Blue Marble - January 2008

CO2 Emissions Kill People

| Thu Jan. 3, 2008 4:54 PM PST

morgue.jpg A Stanford scientist spells out for the first time direct links between increased levels of carbon dioxide in the atmosphere and increases in human mortality. Mark Jacobson's findings come just after the Environmental Protection Agency's recent ruling against states setting specific emission standards based in part on a lack of data showing the link between CO2 and health effects. The new study details how each increase of 1 degree Celsius caused by CO2 would lead annually to upward of 20,000 air-pollution-related deaths. "This is a cause and effect relationship, not just a correlation," said Jacobson, whose study has been accepted for publication in Geophysical Research Letters. "The study is the first specifically to isolate carbon dioxide's effect from that of other global-warming agents." It's also the first to find that rising CO2 increases mortality due to rising levels of ozone, particles, and carcinogens in the air.

Jacobson's work stands apart, using a computer model that takes into account many feedbacks between climate change and air pollution. Developed over the last 18 years, it's considered the most complex and complete atmospheric model worldwide, incorporating principles of gas and particle emissions and transport, gas chemistry, particle production and evolution, ocean processes, soil processes, and the atmospheric effects of rain, winds, sunlight, heat and clouds, among other factors.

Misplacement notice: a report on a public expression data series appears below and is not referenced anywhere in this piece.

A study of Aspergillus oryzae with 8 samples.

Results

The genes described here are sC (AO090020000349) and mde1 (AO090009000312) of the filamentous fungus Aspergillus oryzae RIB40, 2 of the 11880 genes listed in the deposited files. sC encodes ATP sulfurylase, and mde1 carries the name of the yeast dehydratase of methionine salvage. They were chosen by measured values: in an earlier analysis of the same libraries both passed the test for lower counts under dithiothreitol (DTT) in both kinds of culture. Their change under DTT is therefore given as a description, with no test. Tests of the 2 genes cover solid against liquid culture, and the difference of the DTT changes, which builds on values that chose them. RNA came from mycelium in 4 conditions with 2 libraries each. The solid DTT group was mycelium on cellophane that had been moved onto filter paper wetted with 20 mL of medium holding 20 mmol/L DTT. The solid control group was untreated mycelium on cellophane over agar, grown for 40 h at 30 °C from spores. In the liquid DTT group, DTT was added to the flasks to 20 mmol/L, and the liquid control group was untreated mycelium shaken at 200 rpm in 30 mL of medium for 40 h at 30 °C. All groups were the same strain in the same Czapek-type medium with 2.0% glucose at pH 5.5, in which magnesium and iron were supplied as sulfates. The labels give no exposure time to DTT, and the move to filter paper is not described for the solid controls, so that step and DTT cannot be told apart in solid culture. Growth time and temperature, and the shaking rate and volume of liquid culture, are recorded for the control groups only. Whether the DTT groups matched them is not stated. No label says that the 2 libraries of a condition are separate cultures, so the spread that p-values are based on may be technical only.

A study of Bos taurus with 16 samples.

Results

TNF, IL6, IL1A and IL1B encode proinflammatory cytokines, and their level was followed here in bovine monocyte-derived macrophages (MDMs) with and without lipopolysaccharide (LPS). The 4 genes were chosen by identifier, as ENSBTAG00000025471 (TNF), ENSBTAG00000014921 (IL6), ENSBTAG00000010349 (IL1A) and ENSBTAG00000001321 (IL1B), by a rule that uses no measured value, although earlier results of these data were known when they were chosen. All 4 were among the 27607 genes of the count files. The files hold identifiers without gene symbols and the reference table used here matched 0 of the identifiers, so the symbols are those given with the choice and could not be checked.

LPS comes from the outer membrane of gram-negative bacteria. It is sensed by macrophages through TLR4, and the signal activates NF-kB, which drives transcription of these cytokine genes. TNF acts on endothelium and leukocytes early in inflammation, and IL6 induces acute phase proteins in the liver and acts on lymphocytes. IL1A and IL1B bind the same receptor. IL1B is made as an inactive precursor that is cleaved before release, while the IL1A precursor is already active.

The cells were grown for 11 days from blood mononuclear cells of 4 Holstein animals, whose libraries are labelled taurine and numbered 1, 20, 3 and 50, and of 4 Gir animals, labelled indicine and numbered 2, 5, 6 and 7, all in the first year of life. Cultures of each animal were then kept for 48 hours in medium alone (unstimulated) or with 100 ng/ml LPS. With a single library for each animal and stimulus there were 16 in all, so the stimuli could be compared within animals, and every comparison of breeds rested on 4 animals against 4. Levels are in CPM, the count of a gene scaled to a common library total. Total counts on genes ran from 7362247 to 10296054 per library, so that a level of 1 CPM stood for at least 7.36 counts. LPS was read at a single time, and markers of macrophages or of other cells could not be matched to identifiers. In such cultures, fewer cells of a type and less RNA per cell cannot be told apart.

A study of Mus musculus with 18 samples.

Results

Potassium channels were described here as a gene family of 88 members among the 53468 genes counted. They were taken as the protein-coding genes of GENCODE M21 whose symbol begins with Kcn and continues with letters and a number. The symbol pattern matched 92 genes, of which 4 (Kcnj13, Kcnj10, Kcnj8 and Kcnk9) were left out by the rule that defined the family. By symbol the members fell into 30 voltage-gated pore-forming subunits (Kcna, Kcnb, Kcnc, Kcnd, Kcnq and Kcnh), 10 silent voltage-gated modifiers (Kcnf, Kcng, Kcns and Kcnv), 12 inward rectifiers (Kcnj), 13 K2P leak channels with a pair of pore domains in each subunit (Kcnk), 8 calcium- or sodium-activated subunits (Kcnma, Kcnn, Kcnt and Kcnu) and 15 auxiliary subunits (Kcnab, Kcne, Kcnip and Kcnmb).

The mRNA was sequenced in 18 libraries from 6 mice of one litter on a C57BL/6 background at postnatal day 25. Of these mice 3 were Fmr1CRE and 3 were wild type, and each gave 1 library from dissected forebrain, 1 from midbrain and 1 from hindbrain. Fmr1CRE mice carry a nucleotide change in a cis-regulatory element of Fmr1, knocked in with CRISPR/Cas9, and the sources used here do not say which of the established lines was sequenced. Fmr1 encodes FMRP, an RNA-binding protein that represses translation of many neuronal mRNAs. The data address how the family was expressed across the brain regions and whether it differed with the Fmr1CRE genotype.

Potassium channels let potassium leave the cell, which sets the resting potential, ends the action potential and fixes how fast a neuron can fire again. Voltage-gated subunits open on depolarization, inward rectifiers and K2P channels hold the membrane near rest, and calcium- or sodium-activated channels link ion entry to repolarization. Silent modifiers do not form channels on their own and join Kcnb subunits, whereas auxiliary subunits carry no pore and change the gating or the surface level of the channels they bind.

Let's hope it can be used to strongarm the EPA toward something resembling sanity. Maybe give up the useless time- and life-wasting court fight?

Julia Whitty is Mother Jones' environmental correspondent. You can read from her new book, The Fragile Edge, and other writings, here.


| Thu Jan. 3, 2008 10:37 AM PST

arctic%20birds150.jpgBecause I know you just can't get enough bad news about the prevalence of drug-resistant E. coli, kindly direct your attention to the latest bit of terrifying news: Those hearty little bacteria have now been found in Arctic birds...who have never been anywhere near a hospital, poultry plants, or anywhere else one might expect E. coli to lurk.

The birds are exposed to the bacteria during migration, when they cross paths with other birds who carry the bacteria—specifically, when they step in their acquaintances' feces (yeah, gross, but you know, they're birds). The takeaway lesson: Our actions (overusing antibiotics, in this case) have far-reaching consequences. As microbiology professor Dr. Roy Steigbigel told Newsday:

"We live in a world of migration of all sorts of animals, birds and humans," Steigbigel said. "We had an example recently of multi-drug-resistant TB. I see all of it as a continuum: as birds migrating on wings to humans migrating in airplanes."

As if Arctic birds don't have enough problems.